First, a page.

Tuesday, March 22, 2005

Nothing Doing

Clearly feeling heat on the Governor's many trips out of state, Massachusetts Republican party executive director Tim O'Brien has released a statement (sub req) blasting the legislature for, among other things, not being productive enough.

"This absentee Legislature needs to stop neglecting the Commonwealth and get to work on the important legislation filed by Governor Romney and Lieutenant Governor Healey, or it needs to stop taking a paycheck from the taxpayers of Massachusetts," said Tim O'Brien, Executive Director of the MassGOP. "Only on Beacon Hill is an 87 percent decrease in productivity rewarded with a full-time salary. Anybody else would be out of business."
"It's ironic that the Legislature likes to poke fun at Governor Romney for his out-of-state speaking engagements, when he has easily accomplished more than Democratic lawmakers who appears to spend their time rearranging offices in the State House," O'Brien said.
O'Brien uses as his measure the number of roll call votes taken since the start of the session this year compared to last year. Of course, that fails to take into account a couple of facts. First, the legislature went through a real reorganization this session. They actually reduced the number of standing committees. Of course, we all know how the GOP hates smaller government... Anyway, when a company undergoes a reorganization it is expected that some time will be lost as people settle into their new roles. The legislature is no exception to this.

Even without taking the reorganization into account, voting is not the only way to measure activity in the Legislature. House speaker Sal DiMasi said he is asking committee chairs to hold more oversight hearings this session. And we know how much the GOP hates government oversight. Oh, wait, that one's true.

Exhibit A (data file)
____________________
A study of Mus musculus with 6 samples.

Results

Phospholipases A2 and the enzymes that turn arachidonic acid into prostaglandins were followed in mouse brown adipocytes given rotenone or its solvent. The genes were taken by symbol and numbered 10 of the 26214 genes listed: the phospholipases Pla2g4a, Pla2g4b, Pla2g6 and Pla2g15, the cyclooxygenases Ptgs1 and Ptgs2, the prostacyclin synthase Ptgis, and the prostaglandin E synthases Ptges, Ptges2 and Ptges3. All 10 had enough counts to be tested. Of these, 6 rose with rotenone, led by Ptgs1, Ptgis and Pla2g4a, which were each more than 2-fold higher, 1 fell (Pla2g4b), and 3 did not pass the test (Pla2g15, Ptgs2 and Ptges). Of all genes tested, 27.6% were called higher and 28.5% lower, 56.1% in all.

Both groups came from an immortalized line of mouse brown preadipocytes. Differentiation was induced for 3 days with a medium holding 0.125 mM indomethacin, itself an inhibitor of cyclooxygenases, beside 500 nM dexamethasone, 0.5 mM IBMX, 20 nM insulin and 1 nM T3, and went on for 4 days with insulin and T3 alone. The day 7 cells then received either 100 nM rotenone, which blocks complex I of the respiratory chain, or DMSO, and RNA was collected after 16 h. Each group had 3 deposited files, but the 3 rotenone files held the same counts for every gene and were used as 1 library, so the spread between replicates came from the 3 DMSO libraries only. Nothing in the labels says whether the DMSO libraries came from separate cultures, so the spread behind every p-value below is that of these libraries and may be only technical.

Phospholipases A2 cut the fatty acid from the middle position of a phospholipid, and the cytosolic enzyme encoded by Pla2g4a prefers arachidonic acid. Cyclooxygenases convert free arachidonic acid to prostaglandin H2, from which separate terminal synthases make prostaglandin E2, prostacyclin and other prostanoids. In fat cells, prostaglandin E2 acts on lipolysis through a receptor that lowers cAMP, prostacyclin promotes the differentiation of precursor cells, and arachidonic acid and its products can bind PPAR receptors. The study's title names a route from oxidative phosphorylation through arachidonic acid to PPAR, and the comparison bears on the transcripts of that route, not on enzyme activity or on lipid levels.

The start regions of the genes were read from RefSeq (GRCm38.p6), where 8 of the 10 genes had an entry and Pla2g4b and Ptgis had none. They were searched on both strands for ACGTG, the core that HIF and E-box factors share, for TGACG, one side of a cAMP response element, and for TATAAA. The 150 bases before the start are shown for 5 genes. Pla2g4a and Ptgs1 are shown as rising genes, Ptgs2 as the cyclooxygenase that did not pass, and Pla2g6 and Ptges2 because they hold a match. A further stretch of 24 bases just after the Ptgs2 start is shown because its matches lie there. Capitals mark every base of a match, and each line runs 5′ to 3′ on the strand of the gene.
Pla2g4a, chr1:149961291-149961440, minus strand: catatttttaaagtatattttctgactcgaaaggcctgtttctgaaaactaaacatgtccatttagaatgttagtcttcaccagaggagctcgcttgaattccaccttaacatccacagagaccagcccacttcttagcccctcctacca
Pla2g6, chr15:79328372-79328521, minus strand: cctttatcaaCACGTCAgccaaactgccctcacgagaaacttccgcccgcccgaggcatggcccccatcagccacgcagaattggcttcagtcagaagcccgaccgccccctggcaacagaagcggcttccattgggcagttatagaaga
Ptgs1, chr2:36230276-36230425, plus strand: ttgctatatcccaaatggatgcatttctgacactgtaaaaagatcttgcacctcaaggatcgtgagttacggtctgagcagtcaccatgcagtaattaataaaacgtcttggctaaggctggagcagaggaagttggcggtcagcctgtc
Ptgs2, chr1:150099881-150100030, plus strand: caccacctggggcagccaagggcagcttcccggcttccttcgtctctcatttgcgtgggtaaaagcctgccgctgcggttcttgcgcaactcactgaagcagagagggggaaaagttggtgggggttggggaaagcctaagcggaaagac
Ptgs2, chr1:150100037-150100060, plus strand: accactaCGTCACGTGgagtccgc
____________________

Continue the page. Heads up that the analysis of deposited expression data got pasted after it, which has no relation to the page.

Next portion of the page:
O'Brien's claim that the governor has "filed several initiatives and pieces of legislation" does not hold up. Recall way back in November when Romney unveiled his Health Care proposal. At the time even he admitted that he had no plans to commit the plan to paper. We all knew that at some point the governor is going to have to come up with something better than an op-ed and a powerpoint presentation, but it was only yesterday that Romney said he would file a bill at some point in the future -- three months into the legislative session and five months after introducing his plan. I'm not sure what O'Brien would list among Romney's actual accomplishments. So far Romney's only impact on the state this year has been a few vetos that were quickly overridden -- some unanimously -- and a few wisecracks to GOP true believers.

Now, let's turn our attention to Mr. Tim O'Brien himself. What would happen if we applied an aribtrary measure of productivity to him? As we've noted before, O'Brien's salary is paid by the Massachusetts Republican State Congressional Committee. The purpose of that committee is, ostensibly, to promote and support Republican candidates for Congress in Massachusetts. Now, whether it's strictly legal for a state level figure like O'Brien to get paid with funds earmarked for federal candidates is a question for election lawyers, so we'll just leave that discussion for another day. What's interesting about the MRSCC, however, is that they managed to spend over 3.6 million dollars in the 2004 election cycle. How much of that do you suppose went to Republican candidates for Congress? A whopping $385. By my math, that means that 99.99% of the MRSCC's expenditures went to overhead (things like rearranging offices, I'm sure) and not towards their stated goal of funding GOP candidates. And O'Brien has the nerve to call the legislature do-nothing? I wonder if he is going to stop taking his paycheck. I'm not going to hold my breath.